Tornado Season! Are You Prepared If A Killer Twister Hits Your Town?

Michael Garlock interviews fire chiefs and others who share the lessons they learned when their communities suffered the effects of deadly tornadoes.


March traditionally marks the beginning of tornado season in the United States. Although tornadoes can occur at any time of the year, at any time of the day, the National Oceanic & Atmospheric Administration (NOAA) reports that in the South peak tornado season is from March through May, and in the...



Because tornadoes frequently occur in rural areas protected by small volunteer fire departments that may or may not be prepared for such emergencies, we asked the chiefs of two such departments - Chief Jim Sekavac of the Hoisington Volunteer Fire Department in Kansas and Chief Barry Carnes of the Pontotoc Volunteer Fire Department in Mississippi - to review their responses and share the lessons they learned when violent twisters struck their communities in 2001. We also solicited information from other fire officers as well as municipal officials and weather experts. The interviews were conducted by Firehouse® Contributing Editor Michael Garlock.

KILLER TORNADOES
Date Location Fatalities
Feb. 16 Durant, MS 1
Feb. 24 Byron, AR 1
Feb. 24 Pontotoc, MS 6
March 12 Red Level, AL 2
March 15 Wassau, FL 1
April 10 Fulton, MO 1
April 11 Coalgate, OK 1
April 11 Agency, IA 2
April 21 Hoisington, KS 1
May 31 Auburntown, TN 1
June 18 Siren, WI 3
Sept. 24 College Park, MD 2
Oct. 24 La Porte, IN 1
Nov. 23 Hunt, AR 1
Nov. 24 Wilmot, AR 3
Nov. 24 Sledge, MS 2
Nov. 24 Crenshaw, MS 1
Nov. 24 Madison, MS 2
Nov. 24 Kennedy, AL 2
Nov. 24 Sand Rock, AL 2
Nov. 26 Springville, TN 1

Source: NOAA

THE FUJITA SCALE

Rank Wind Speed Damage
F-0 40 to 72 mph Light
F-1 73 to 112 mph Moderate
F-2 113 to 157 mph Considerable
F-3 158 to 206 mph Severe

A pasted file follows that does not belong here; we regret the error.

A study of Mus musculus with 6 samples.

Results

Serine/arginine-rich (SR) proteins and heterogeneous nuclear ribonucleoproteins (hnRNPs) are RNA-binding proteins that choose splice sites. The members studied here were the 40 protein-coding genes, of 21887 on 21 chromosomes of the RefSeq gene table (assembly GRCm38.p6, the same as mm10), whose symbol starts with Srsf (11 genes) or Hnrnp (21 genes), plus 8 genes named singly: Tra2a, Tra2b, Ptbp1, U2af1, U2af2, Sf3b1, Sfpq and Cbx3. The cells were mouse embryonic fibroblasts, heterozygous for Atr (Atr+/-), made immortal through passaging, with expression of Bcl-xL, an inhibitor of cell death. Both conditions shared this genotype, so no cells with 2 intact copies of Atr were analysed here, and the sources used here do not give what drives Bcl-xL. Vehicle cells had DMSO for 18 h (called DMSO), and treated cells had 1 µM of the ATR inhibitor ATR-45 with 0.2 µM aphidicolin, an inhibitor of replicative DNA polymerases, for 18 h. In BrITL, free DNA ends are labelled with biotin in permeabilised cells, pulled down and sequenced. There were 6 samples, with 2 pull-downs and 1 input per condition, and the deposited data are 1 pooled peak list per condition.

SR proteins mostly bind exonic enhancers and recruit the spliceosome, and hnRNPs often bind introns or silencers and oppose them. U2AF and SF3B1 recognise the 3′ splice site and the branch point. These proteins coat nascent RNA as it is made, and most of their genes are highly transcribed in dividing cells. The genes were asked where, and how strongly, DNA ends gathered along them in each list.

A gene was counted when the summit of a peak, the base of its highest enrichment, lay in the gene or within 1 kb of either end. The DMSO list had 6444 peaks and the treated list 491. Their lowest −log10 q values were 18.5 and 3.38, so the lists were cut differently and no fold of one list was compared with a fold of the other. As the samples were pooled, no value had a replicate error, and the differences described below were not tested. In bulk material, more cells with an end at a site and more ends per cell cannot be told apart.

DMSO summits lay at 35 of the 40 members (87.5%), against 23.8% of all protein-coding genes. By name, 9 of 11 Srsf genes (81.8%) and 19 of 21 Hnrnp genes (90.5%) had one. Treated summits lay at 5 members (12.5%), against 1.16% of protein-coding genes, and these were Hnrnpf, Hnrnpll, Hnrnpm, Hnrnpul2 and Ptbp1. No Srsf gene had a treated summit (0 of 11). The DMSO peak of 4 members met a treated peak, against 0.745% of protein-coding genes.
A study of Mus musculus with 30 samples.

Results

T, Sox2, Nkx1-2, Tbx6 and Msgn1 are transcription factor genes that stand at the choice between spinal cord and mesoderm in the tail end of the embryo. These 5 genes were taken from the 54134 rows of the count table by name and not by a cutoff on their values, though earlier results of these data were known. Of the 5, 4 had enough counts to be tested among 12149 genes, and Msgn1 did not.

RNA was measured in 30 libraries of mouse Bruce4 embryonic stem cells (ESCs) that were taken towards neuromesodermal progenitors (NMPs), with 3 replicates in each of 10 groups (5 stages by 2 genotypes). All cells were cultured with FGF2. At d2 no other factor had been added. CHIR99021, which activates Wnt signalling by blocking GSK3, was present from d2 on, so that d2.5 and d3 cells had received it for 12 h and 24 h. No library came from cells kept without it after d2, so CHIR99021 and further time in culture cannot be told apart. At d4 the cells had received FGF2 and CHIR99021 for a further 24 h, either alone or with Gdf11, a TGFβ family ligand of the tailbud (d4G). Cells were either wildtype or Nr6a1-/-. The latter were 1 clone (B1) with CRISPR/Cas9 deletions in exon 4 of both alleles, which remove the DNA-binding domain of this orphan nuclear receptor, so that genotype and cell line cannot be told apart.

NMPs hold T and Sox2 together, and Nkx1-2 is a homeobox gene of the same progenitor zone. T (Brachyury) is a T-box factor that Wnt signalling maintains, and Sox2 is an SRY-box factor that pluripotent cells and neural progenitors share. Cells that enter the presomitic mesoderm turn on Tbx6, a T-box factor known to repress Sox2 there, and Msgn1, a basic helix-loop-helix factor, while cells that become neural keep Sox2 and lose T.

F-4 207 to 260 mph Devastating
F-5 261+ mph Incredible

Source: National Weather Service

F-4 Tornado Strikes Central Kansas Community

On the evening of Saturday, April 21, 2001, an F-4 tornado unexpectedly struck the small central Kansas town of Hoisington, wreaking horrific damage and causing one fatality.

3_02_tornado1.jpg
NOAA Photo Library
Manhattan, KS, May 31, 1949.

An F-4 is defined as a devastating tornado with wind speeds of 207 to 260 mph that causes the following types of damage: well-constructed houses leveled, structures with weak foundations blown some distance, cars thrown and large missiles generated. F-4 to F-5 tornadoes are responsible for 67% of all tornado-related deaths (1950-1994 data), F-2 to F-3s account for 29% and F-0 to F-1 cause 4%. Statistics strongly indicate that the Hoisington tornado should have caused massive injuries and fatalities. Yet, it did not.

The twister itself was also a freak occurrence. Chance Hayes, warning coordinator meteorologist with the National Weather Service in Wichita, KS, said that 80% of all tornadoes are F-0 to F-1, 19% are F-2 and F-3, and only 1% reach the F-4 to F-5 categories. Moreover, only 20% of all supercell-type storms (those that rotate with updrafts) produce tornadoes and again only 1% of those attain F-4 to F-5 wind speeds. The odds of the Hoisington tornado actually developing were astronomical. Yet, it did.

Kansas records about 50 tornadoes per year. The state constitutes one third of "Tornado Alley," the corridor that runs north and south between Nebraska and Texas. Cold air streams down unabated from the mountains and meets hot air from the Gulf of Mexico. The hot air naturally rises into the cold air above it and this causes turbulence and spinning motions. If these motions are strong enough, a tornado is formed.